Few bits of legislation have managed to do the damage that the Smoot-Hawley Tariff Act, passed in 1930, did to the American and world economy. The bill was introduced by the chair of the House Ways and Means Committee, Willis Hawley, and the chair of the Senate Finance Committee, Reed Smoot. The preceding fall, the stock market had crashed, and this bill was an attempt to revive the American economy. To do this, the act created a stiff tariff on more than 20,000 foreign imports. The plan was to suck money from Europe in the form of tariffs and to make European goods more expensive so that American-made items would have a distinct sales advantage. The bill easily passed a panicky Congress and doubled the effective duties on many manufactured and agricultural products.

The real effect of Smoot-Hawley was almost exactly the opposite of its intent. The European nations, seeing their products being virtually locked out of the U.S. market, passed their own protective tariff bills in retaliation. This meant that most American goods up to doubled in price all over Europe. By 1932, the trade war Smoot-Hawley had started was in full swing.

In 1929, the United States had exported about $4.5 million worth of goods to Europe. A million dollars went pretty far in 1930, when a loaf of bread cost $0.09. By 1931, all U.S. exports there totaled only $1.5 million. Two-thirds of all imports from the United States had been blocked out by the protective tariffs passed between 1930 and 1932. Imports to the States diminished just as quickly, going from $5.5 million to just over $2 million by 1932.

But no one bought new American goods from new American factories to replace the more expensive European imports that the Smoot-Hawley bill blocked out. Had they been able to do so, it might have worked. The reason they could not was that many of the consumers no longer had the money to buy much of anything. This was because of the millions of jobs lost as factories closed because they no longer could export their products to Europe. The unemployed were unable to buy American-made goods, much less more. Job losses made the Depression much worse. Not only were the jobs at the exporters lost, but many American jobs were gone as well. The American agricultural sector also largely depended on exports, and so protectionism made it impossible for farmers to sell their crops. This forced down the price paid for agricultural products. Lower prices put many farmers and farm workers out of work and cost thousands of families their farms.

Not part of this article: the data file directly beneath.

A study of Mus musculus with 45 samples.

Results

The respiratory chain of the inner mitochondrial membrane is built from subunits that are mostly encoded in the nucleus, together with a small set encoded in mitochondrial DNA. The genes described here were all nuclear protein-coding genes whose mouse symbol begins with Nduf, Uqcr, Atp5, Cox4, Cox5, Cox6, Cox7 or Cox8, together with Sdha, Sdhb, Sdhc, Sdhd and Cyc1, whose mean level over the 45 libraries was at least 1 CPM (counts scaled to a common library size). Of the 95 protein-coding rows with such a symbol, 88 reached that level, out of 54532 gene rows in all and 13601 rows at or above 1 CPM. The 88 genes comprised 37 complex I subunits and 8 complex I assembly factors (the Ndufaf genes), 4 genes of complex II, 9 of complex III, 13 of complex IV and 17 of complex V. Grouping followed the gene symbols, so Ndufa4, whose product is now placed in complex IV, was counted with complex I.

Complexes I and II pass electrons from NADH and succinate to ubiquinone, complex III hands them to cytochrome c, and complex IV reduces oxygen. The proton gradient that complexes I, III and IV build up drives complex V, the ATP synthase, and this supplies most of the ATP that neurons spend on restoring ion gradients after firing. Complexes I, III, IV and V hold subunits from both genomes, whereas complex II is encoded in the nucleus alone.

When a quarter of the buyers of your product suddenly have no money, then your sales are down 25 percent. So you have to lay off some of your workers, cut wages, or eliminate benefits to enable your business to survive. But increasing the number of employed and paying workers less mean that sales for everyone are down again. The unemployed or financially strapped workers have less money to spend. As they continue to spend less, domestic sales continue to plummet and more workers lose their jobs. This cycle of unemployment creating more unemployment, which Smoot-Hawley reinforced, continued until World War II and wartime spending ended it.

The Smoot-Hawley Act had exactly the opposite effect of what was intended. Rather than helping to end a depression, which was started mostly by bad monetary policies, the tariffs it created made the financial situation much worse. Those tariffs caused a trade war that guaranteed that the 1930s saw not just another recession, but the Great Depression.

Reed Smoot and Willis Hawley were soundly defeated in the 1932 elections. Those workers whose jobs they had destroyed voted them out. By 1944, most nations had done away with the worst of the tariffs the bill had created and the postwar recovery became the greatest expansion of wealth in recorded history. It is only in the last few years that a return to protective tariffs for some businesses have reappeared. They were a mistake that changed the world and made a bad economic situation terrible. Let us hope today’s leaders have learned from history.